Monday, 18 May 2009

Snorkers! Good-oh!

There is a famous line in the 1953 film The Cruel Sea where Lieutenant Bennett learns that it's sausages for dinner and exclaims "Snorkers! Good-oh!"

Rob and I are both big fans of Snorkers, Bangers, whatever you call them. Sausages, mashed potato and baked beans are probably one of Rob's favourite meals. I enjoy them too, but I do sometimes have a problem with them... one hint of gristle, one minute unidentifiable bit of chewiness and that's it for me. I can't eat another mouthful. I'm not naive enough to think that your average snorker is made of 'nice' meat. I know they probably contain all kind of 'bits' of animal that I'd rather not think about. But I really don't want to be confronted with potential evidence of this, wondering whether I'm chewing on a piece of ear, trotter, or something much worse...

My solution is now to make my own sausages! When in America last year I purchased a meat grinding and sausage stuffing attachment for my KitchenAid mixer. I also ordered a sausage recipe book and some sausage casings, and was ready to go.

My first attempts last November were, erm, messy. It was a bit like being a participant on The Generation Game, except that there was to be no conveyor-belt of prizes to reward my efforts... just a clogged-up meat grinder, burst casings, and lots of cleaning up to be done. The resulting snorkers were OK, we ate them all, but I knew I could do better.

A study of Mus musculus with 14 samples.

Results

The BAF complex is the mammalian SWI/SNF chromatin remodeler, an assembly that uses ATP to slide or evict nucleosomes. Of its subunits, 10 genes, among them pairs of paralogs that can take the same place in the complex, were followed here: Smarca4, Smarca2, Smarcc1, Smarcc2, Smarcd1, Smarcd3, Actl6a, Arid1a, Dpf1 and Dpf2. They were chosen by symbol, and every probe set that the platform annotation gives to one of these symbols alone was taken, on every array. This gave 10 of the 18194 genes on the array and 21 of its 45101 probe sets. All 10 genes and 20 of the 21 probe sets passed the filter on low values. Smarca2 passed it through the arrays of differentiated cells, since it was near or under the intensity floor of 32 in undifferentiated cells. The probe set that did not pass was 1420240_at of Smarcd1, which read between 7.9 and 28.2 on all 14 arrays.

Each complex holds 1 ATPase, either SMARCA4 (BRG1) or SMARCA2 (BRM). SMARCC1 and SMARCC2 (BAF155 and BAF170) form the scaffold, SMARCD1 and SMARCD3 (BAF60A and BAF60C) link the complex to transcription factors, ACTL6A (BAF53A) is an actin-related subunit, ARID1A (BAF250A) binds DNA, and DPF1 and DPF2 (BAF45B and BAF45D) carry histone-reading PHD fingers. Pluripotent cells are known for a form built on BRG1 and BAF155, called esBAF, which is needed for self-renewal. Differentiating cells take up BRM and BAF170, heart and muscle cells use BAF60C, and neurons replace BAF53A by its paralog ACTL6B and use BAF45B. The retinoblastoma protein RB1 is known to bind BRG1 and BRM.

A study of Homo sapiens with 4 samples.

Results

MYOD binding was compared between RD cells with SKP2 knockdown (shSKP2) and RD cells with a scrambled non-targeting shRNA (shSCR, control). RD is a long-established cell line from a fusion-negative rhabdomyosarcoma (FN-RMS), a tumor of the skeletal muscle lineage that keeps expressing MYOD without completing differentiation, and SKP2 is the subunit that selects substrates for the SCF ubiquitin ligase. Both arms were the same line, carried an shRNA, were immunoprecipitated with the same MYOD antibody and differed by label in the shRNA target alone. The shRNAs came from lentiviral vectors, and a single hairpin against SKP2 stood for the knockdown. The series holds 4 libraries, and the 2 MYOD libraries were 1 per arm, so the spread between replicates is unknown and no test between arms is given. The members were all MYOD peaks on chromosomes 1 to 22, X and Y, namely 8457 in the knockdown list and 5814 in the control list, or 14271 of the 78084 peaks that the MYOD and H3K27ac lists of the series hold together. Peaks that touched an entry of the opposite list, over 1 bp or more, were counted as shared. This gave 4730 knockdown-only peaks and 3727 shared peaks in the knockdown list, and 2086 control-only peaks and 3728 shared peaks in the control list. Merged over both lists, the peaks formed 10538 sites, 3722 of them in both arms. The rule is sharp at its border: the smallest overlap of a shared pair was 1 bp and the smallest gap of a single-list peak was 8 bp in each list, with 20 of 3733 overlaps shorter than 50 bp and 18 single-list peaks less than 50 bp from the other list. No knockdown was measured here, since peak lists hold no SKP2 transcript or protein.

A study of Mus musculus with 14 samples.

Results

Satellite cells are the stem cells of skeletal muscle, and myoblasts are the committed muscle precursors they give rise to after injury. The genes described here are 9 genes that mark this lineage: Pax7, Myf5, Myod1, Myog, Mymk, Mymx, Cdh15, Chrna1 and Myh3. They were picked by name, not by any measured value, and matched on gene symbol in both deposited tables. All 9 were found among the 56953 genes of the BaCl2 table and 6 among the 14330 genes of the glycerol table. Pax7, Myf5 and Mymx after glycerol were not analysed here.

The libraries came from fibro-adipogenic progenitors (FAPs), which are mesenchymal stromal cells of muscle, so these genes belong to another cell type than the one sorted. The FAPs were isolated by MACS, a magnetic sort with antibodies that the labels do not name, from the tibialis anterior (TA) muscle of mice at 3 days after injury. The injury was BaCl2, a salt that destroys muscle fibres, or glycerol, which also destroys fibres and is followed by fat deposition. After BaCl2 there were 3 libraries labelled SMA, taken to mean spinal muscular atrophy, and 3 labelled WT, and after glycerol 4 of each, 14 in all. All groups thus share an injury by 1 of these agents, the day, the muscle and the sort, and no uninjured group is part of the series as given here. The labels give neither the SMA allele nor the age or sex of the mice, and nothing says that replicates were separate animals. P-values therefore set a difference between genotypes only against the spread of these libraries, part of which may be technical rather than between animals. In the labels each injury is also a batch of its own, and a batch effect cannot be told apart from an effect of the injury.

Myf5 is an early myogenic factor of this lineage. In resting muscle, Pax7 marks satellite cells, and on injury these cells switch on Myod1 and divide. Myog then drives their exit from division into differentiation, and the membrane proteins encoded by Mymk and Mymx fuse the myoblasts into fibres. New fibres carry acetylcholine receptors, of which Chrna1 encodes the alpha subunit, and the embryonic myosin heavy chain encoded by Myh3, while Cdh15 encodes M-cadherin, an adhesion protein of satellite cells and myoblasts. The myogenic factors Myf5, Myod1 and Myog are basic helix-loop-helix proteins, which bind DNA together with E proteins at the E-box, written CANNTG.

So yesterday we tried again. 'We' being the key. Yes, sausage-fans, don't try this alone. 4 hands are much much better than 2 when it comes to stuffing sausage casings! I chopped and ground the meat myself, and mixed up the filling (simply mince, breadcrumbs, water and seasoning), but when it comes to getting the mixture inside those collagen casings Rob became an essential part of the process, a job he took very seriously, as you can see.



See the concentration on his face.




You can see a few air bubbles there, but that's OK. You need some space in the casings for when you twist them into individual sausages.



4lb of sausages ready to be twisted. I had to have a nice cup of tea and a sit down before I attempted the next step. I think it was like post-traumatic-stress after my last attempt...



Success! No traumas this time. 4lb of snorkers completed. They are 'resting' in the fridge right now (which softens the casings), but I will bag them up in the freezer for this Summer's barbecues, keeping a few aside to accompany the mash and beans tonight.

I stuck with the 'basic' sausage recipe in the book, but the possibilities for variation are endless. Different meats, different seasonings, different liquid - next time I will try something a bit different.

We fried up a little of the mixture last night to taste, and it's great. I don't know why I was so surprised that they taste like, well, like 'real' sausages. And of course they are 'real' - I know exactly what's in them, much less fat than your average sausage and certainly nothing unpleasant or 'mechanically separated' (mmm, how tempting that sounds in a list of ingredients!). Snorkers to eat with pride!